A preview of the History Wing of Museums of Plastic 2121

Try to imagine a future where single use plastic is only found in museums. It’s hard isn’t it? However, that’s exactly what the Museum of Plastic 2121 has done by creating a virtual museum based 100 years from now in an imagined future where things have worked out well for both the planet and humanity.

Funded by the British Council’s Creative Commissions, as part of their Climate Connection programme to support COP26, the Museum of Plastic 2121, which opens tomorrow,  allows visitors the opportunity to uncover the story of plastic and its history, science, industry, and impact on our environment.

Positive look at the future

It is produced by Curatours, a digital platform for arts, heritage and culture, which took inspiration from the Solarpunk movement, which uses art to envisage a future where humans have solved contemporary challenges.

Curatours say the Museum of Plastic 2121, which is free and accessed by downloading an app on a Windows PC or an Oculus Quest VR headset, is a positive look at our future.

“The outlook for the world today can seem bleak so we want to imagine the best-case-scenario for the future. We want to motivate ourselves into a positive self-fulfilling prophecy.”

Immersive 360 videos and interactive 3D objects

Visitors are able to visit six rooms in the museum, covering the past, the present and the future of plastics, which feature immersive 360 videos, interactive 3D objects and captivating art installations that you can walk through and see up close.

Tour Guide talking to visitors in the Environment Wing of Museum of Plastic 2121
about the Mural called “The Choice” by Cheeky Observer

Visitors can also take a virtual guided tour with Dr Alice Bell, co-director at the climate change charity Possible and author of Our Biggest Experiment: A History of the Climate Crisis, who provided environmental consultancy on the project.

“It’s been really exciting working with Cooperative Innovations on this project,” Dr Alice Bell, Co-director at Possible, said. “I love the inspiring, optimistic story they tell about a possible future, without flinching from the problems of today, one that weaves together technological innovation with political movement building, and social and cultural change. I also think they’ve been really clever about how they use the story of plastics. It’s not just a plastic straw here or a crisp packet there, but how the whole system of plastics sits at the core of modern consumption and the fossil fuel age.”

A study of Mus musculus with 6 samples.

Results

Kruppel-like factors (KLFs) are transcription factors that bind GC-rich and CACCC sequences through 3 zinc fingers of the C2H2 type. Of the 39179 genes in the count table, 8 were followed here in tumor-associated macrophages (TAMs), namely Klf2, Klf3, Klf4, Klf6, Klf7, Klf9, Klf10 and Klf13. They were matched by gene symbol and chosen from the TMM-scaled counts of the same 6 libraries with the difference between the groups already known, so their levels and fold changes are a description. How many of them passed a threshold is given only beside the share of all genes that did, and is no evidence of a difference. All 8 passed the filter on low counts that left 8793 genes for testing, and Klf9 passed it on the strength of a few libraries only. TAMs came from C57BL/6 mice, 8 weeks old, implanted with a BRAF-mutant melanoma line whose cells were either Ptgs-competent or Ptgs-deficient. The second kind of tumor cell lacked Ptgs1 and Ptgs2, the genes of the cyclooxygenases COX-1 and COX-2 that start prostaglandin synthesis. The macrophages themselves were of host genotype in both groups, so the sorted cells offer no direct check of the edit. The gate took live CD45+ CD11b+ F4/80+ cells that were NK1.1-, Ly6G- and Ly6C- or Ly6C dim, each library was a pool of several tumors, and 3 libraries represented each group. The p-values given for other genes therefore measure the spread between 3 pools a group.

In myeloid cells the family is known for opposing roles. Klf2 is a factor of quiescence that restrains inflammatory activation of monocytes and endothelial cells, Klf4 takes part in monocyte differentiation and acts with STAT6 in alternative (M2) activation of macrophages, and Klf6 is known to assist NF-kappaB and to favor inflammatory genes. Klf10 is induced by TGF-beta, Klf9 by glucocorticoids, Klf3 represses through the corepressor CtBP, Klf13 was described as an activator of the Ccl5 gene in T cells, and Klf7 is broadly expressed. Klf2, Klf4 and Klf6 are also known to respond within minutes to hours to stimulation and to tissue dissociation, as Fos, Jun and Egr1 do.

As part of the online experience, visitors will learn the importance of establishing a circular economy and find out how activism and individual action happening now will lead to positive change in the future.


The Museum of Plastic 2121 mixes paint with pixels. Here’s Cape Town-based Alicia McFadzean, aka Cheeky Observer, with her mural used in the museum

To do this, Cooperative Innovations have worked closely in partnership with South African environmental organisation The Greenpop Foundation and the Street Art organisation, Baz-Art, which in turn worked with artists and communities to create real world murals alongside 3D paintings for the museum.

Between them they have compiled a tool kit of practical actions and changes each visitor can make and implement in their own lives so we can all start working towards a positive future.

Nationless, timeless and unconstrained

“Curatours is a social digital space – it isn’t connected to physical geography, it’s nationless, timeless and unconstrained by physics,” Emma Cooper, Project Lead at Cooperative Innovations, said. “Featuring stories and creativity from partners around the world, it’s a space where people can gather, learn and discuss what they’ve learned. The whole idea of the Museum of Plastic is to take advantage of the best properties of the Curatours platform and, by bringing a future museum to life, to show visitors a path forward to a better future.”

Museum of Plastic 2121 is supported by the British Council’s Creative Commissions programme, a series of creative commissions exploring climate change through art, science and digital technology as part of The Climate Connection global initiative.

About the author – Adrian Murphy

Adrian is the Editor of MuseumNext and has 20 years’ experience as a journalist, half of which has been writing for the cultural sector.